Thursday, January 14, 2021

Patriot Act As Worthless As Patriot Missiles In A Genuine War On Terror

jacobin |  Nearly two decades since its initial passage in the aftermath of the 9/11 attacks, the Patriot Act has continued to linger in our collective memory. Though few Americans probably remember much about its provisions or specifics, the Bush-era legislation long ago entered into general usage as an synonym for heavy-handed domestic surveillance and institutional overreach — the words “Patriot Act” now being practically synonymous with secrecy, eavesdropping, and the rolling back of civil liberties under the intentionally broad guise of “national security.”

Given the law’s contents and implications in practice, this reputation is well deserved. Passing the Senate with only a single dissenting vote, the Patriot Act dramatically expanded the power of federal authorities to spy on ordinary Americans with minimal oversight: enabling the FBI to obtain detailed information about citizens’ banking history and personal communications without having to seek judicial approval and even allowing “sneak and peek” searches of homes and offices. “The Patriot Act,” in the rather blunt words of a brief prepared by the ACLU, “[turned] regular citizens into suspects.”

Predictably, a great deal of law enforcement activity resulted from the ludicrously titled law (USA PATRIOT was a backronym for “Uniting and Strengthening America by Providing Appropriate Tools Required to Intercept and Obstruct Terrorism”). According to data released by the Department of Justice, the FBI made hundreds of thousands of incursions into personal phone, computer, and financial records in the years immediately following its passage — the utility of these searches in identifying or preventing actual terrorist activities being debatable, to say the least.

Despite passing with widespread support, the Patriot Act was still considered extreme enough for lawmakers to attach sunset clauses to several of its major provisions, guaranteeing their expiry in lieu of congressional renewal (which, incidentally, eventually came under George W. Bush and again under Barack Obama).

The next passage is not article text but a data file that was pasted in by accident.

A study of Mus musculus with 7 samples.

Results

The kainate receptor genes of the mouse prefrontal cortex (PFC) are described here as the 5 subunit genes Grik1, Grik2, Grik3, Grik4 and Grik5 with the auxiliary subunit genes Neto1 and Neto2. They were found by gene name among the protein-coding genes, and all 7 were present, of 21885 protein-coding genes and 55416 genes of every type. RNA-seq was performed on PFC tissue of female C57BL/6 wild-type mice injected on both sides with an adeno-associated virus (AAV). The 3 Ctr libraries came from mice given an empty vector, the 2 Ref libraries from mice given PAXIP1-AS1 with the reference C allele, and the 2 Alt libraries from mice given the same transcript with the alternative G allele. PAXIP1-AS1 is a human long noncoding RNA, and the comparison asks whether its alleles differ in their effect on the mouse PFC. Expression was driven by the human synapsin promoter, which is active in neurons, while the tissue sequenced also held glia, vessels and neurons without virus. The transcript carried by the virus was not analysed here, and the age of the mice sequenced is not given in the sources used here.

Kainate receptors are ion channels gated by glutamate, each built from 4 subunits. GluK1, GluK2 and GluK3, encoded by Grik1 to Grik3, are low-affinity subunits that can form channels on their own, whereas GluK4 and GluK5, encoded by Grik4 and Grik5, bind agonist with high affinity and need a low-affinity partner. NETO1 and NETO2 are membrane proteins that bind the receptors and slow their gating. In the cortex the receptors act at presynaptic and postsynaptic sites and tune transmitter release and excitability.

One prominent Delaware lawmaker, however, felt it didn’t go far enough.

Ahead of the nearly unanimous October 25, 2001, Senate vote on the Patriot Act, Joe Biden was regularly claiming the law as his own, boasting in an interview with the New Republic: “I drafted a terrorism bill after the Oklahoma City bombing. And the bill John Ashcroft sent up was my bill.” Biden wasn’t wrong. In fact, key parts of the Bush administration’s signature national security law were drawn from provisions contained in Biden’s own 1995 anti-terrorism bill. Originally called the Omnibus Counterterrorism Act, Jacobin’s Branco Marcetic summarized it contents as follows:

The bill made “terrorism” a new federal crime, allowed those charged with terrorism to be automatically detained before trial, outlawed donations to government-designated terrorist groups, allowed electronic surveillance of suspected terrorists, and created a special court to deport noncitizens accused of terrorism (ironically, when Bush had proposed a similar measure years before, Biden had denounced it as “the very antithesis of our legal system”). It also let the government use evidence from secret sources in those trials.

Calling the Patriot Act “measured and prudent” during an approving speech on the Senate floor, Biden would nonetheless lament the removal of sections from his 1995 bill that would have given police even more sweeping powers of surveillance.